John Feehery: Speaking Engagements


Posted on September 29, 2008

 


 


            The best-case scenario for the House Republicans is that they have a mulligan vote.


 


            The worst-case scenario is that Democrats add a bunch of junk to the bill to buy off the Congressional Black Caucus to get enough votes on their own.


 


            A mulligan vote means that the same package gets passed.  No harm, no foul.


 


            But should the Democrats decide to play hardball, the taxpayers are going to have to pay billions in unnecessary spending.


 


            Looking at the vote count, it looks like the people who voted no were either in very vulnerable seats or in very safe seats.  The Black Caucus pretty much all voted no, as did the hardest hard-heads from the Republican Study Committee. 


 


            Vulnerable members on both sides were given a pass, as well as they should have.  They will have another chance to vote yes when their constituents wake up to the fact that they can’t cash their paychecks later this week.


 


            I talked to one member (a Republican) who told me before the vote that he was voting no.  “This is a terrible bill,” he told me.  “Wall Street needs to feel some pain.”


 


            Well, if all the predictions hold true, we are all going to be feeling some pain, so thanks for the notice.


 


            Tough votes are tough because members don’t want to go outside their comfort zones, especially a month before an election.  There aren’t too many profiles in courage any more.  And you have to wonder why.  It isn’t that great of a job.  It doesn’t pay that well.  The travel is hard on the families.  And the lifestyle is unhealthy.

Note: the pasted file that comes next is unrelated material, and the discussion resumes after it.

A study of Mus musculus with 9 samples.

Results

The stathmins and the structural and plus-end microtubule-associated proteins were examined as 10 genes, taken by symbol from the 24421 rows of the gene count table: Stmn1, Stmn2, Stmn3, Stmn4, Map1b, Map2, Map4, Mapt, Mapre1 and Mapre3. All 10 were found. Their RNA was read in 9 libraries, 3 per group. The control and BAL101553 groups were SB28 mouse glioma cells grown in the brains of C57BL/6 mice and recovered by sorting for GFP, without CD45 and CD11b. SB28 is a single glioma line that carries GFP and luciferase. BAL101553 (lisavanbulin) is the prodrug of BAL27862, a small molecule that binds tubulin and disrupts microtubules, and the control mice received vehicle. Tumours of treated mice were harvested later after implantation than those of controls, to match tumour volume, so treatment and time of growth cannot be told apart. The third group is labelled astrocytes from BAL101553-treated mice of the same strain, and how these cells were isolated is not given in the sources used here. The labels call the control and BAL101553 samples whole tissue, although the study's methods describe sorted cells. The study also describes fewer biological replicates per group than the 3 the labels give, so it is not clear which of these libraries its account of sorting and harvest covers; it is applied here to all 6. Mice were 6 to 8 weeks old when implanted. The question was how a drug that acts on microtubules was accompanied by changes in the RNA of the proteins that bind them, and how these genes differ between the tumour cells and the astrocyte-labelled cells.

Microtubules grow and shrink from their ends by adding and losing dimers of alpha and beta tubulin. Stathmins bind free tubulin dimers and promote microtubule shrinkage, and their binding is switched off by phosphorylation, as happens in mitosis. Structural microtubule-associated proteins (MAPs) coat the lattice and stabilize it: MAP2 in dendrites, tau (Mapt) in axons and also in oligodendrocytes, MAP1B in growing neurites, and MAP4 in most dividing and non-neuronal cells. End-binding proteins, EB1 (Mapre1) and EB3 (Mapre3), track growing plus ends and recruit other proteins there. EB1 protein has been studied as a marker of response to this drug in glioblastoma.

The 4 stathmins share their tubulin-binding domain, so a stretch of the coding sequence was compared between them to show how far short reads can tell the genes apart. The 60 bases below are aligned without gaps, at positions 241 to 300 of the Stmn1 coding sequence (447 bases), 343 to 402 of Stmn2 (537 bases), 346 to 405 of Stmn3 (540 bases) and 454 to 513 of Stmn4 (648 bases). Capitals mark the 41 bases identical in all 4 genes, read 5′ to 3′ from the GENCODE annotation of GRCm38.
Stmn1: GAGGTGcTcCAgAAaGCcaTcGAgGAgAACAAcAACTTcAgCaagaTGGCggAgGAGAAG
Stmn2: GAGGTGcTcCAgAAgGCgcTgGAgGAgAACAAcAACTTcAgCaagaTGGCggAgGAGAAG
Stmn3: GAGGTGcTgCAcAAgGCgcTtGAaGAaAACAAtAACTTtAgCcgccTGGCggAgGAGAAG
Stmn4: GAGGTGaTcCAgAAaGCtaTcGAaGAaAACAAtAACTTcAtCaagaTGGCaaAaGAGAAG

If the job isn’t that great, you would think that more members would do the right thing.  But that’s not the case.   Must be the pension. 


 


            The Republicans are getting blamed for this debacle, but there is plenty of blame to go around.  Nancy Pelosi is really not that good at her job.  She gave a bad speech that alienated just enough members to put the bill in serious jeopardy.  And then she refused to round up the votes or hold the vote open to guarantee victory.  A real leader would have hammered this thing through. 


 


            The extreme left-wing of the Democratic Party hates Wall Street and hates capitalism.  They were only too glad to vote to kill the free-market by voting to kill this bill.  Democrats also were complicit in creating this crisis by pushing bad loans to people who had no chance of paying them back.  It is little known that Democrats, under Bill Clinton, created the subprime market, but they did. And now, we are paying the price. 


 


            That being said, this is not a good day for the House of Representatives or for incumbents who voted against this plan.  A dozen of them are going to have to change their votes by Thursday and a month later, face the voters with an explanation as to why they flip-flopped.


 


            Maybe they can just say they need a Mulligan.